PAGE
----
Out of the Office: Finding inspiration over the hill

I’m standing atop a newly discovered snow mound, a sense of triumph installed in me. I feel the soft crunch of my boot molding the soft powder beneath me as I set my feet. Clambering up the almost 6-foot culmination of snow has taken a moderate toll. My nose and cheeks are rose-tinged from fighting the crisp winter air — my gloves, jacket and boots smothered in snow. It seems counterproductive to ignore the frost at this point. I plop down to get a more comfortable seat, surveying the landscape before me. The snow poofs up around me as I settle into my perch.

The mound stands at the top of a massive hill, left to the road leading up from the public road. This property is far from the main roads, a winding and lurching path stemming off from the main North Fork. It descends deep into the hills and valleys of Anchor Point, just a couple miles obtuse of Nikolaevsk.

The area is becoming harder and harder to reach, with the main road becoming more decrepit by the year. The river runs right under a bridge on the main road and it flooded years ago, leaving just one winding path back up to the land. The land is a familiar one, however; it’s my parents’ property, something they have held onto since before I was born. The untenable road along with an unfortunate house fire made it much harder to live there; now the property remains as a testament to their loyalty to the area.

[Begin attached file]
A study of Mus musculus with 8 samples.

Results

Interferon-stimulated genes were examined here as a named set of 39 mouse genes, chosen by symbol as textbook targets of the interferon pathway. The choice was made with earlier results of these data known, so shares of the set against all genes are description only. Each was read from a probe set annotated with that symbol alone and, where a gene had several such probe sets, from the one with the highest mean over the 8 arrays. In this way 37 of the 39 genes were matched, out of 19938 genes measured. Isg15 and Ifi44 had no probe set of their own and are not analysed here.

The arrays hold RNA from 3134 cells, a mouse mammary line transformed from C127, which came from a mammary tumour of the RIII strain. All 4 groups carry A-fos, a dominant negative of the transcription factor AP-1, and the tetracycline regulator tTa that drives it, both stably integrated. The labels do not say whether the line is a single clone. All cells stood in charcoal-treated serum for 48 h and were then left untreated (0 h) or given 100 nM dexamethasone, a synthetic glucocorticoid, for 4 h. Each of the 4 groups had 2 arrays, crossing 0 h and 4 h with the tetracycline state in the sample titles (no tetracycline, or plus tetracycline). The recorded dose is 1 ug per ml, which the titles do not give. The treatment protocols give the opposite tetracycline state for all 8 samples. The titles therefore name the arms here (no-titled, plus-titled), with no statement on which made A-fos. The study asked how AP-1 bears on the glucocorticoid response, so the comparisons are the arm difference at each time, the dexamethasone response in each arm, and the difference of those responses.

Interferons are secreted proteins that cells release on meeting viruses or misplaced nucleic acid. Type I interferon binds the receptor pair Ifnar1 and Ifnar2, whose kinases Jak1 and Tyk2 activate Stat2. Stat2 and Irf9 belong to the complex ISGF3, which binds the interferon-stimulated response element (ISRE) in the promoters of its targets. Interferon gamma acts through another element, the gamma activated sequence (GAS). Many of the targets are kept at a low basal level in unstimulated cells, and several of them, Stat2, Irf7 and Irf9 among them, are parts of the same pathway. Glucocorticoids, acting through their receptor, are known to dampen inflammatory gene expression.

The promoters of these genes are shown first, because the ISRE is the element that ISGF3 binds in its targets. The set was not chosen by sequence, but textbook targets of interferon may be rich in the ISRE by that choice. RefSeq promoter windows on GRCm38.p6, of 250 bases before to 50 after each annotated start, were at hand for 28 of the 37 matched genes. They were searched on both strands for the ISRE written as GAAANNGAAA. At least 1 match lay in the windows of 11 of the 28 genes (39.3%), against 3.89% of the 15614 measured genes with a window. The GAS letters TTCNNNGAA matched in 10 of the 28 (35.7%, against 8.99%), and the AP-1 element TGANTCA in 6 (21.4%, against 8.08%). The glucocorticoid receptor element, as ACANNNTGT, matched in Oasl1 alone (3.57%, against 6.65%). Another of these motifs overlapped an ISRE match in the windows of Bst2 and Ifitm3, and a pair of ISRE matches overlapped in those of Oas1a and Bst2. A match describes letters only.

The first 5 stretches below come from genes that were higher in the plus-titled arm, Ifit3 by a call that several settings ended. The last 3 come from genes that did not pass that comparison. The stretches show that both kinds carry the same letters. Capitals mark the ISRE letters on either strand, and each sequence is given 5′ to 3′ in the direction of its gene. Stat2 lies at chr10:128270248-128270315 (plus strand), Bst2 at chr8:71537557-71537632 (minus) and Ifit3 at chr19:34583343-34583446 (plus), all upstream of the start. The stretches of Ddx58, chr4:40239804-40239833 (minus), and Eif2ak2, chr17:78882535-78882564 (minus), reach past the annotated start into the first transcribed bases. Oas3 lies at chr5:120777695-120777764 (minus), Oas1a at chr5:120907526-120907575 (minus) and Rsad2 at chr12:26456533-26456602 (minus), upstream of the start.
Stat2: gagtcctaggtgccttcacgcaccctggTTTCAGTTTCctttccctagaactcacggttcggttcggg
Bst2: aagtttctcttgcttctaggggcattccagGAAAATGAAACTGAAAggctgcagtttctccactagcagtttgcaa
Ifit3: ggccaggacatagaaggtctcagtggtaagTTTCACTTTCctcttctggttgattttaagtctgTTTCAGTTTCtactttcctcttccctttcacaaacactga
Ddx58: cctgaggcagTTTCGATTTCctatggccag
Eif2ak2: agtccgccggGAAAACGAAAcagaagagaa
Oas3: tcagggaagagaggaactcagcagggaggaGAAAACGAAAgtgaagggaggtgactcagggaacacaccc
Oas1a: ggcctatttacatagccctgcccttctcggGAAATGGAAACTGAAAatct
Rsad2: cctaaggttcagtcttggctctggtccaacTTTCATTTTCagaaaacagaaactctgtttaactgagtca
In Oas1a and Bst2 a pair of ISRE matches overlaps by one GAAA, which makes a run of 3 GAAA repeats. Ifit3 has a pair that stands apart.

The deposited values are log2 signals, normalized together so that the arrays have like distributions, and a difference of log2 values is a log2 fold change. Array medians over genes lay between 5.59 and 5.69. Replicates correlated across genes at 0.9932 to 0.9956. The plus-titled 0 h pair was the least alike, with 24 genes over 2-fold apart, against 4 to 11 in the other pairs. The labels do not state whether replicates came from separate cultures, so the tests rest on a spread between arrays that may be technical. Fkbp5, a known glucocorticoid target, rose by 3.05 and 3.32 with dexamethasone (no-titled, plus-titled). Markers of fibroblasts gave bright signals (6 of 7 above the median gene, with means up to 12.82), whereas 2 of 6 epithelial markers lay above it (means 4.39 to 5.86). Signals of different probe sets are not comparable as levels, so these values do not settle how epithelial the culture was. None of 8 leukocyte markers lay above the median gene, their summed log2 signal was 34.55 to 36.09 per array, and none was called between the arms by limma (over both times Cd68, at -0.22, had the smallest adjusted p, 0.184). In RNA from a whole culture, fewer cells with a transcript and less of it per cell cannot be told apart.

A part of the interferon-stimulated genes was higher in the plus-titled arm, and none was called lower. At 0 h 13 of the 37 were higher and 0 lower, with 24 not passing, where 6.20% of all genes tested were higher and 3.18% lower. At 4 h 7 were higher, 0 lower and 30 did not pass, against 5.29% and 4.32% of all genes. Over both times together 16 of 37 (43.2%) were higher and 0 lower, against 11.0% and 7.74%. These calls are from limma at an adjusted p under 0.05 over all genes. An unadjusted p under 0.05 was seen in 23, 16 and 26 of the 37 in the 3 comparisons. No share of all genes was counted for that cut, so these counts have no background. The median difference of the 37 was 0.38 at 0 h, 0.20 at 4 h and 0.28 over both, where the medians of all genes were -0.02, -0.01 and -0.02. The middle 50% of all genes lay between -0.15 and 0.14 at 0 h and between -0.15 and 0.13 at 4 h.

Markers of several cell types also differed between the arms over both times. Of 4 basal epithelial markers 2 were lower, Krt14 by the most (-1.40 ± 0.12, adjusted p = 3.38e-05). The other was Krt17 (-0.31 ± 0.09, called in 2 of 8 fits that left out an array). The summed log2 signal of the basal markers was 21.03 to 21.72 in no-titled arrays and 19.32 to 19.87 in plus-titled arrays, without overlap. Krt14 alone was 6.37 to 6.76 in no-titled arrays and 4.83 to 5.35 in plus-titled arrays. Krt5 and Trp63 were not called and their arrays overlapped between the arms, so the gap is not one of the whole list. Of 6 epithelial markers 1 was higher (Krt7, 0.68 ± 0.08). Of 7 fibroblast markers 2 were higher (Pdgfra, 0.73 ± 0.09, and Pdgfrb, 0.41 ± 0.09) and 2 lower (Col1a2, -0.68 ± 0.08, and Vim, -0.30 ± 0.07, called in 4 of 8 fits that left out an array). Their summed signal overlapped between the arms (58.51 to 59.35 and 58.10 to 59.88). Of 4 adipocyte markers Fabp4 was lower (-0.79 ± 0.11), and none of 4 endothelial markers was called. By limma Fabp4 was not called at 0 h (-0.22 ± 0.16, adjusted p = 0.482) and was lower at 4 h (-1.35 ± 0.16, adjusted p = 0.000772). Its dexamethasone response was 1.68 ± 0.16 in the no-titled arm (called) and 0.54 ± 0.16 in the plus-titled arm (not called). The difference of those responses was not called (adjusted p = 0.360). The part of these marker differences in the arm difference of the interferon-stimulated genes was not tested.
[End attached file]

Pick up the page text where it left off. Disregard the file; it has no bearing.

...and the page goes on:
Even after over almost 20 years of taking it in, I can scarcely believe the view before my eyes. “This must be what renowned explorers of old like Captain Cook must have felt when they found new land,” I thought with a smirk. It hardly seems probable that seeing that view for the umpteenth time would inspire that reaction. But much akin to Tom Brady from 2001 to 2022, and Paul Rudd for seemingly forever — it simply doesn’t get old. The view only becomes more beautiful with the fading sun, the marmalade-marked sunset clashing against the indigo-clast sky. Mount Saint Augustine looms on the horizon, its dark silhouette outlining the crimson hue swirling in against its caliginous backdrop.

I hope to see some animals rummage and emerge through the underbrush at some point. I grew up on this land, and seeing the cacophony of creatures that would odyssey through would always captivate my imagination. Venturing through the wild and appearing in our backyard raised a lot of questions: Where did they come from? Where are they headed?

The crafty ermine, hustling for food and searching for shelter. The mother moose, leading her calves through dozens of elders in hope of just a couple green leaves. Or even the beguiling bear, venturing out of its wintry hibernation. No bears this time of year of course, yet living up there meant any bump in the night, or wind whisking at the windows, could indicate something was out and about. It would give our old husky fits, snarling through the night as he warded off — in his eyes — countless threats. Predicting which animal would eventually rear its head next was as impossible as it was exciting.

Nothing shows. Even as I stare hoping at the treeline, no wild animal breaks my concentration. I hardly expected to see something so convenient like that, but I was disappointed all the same.

My older brother interrupts my expecting gaze with a shout to leave. I stare until my brother calls me again, me still waiting for something. It doesn’t come. I’ll look again next time.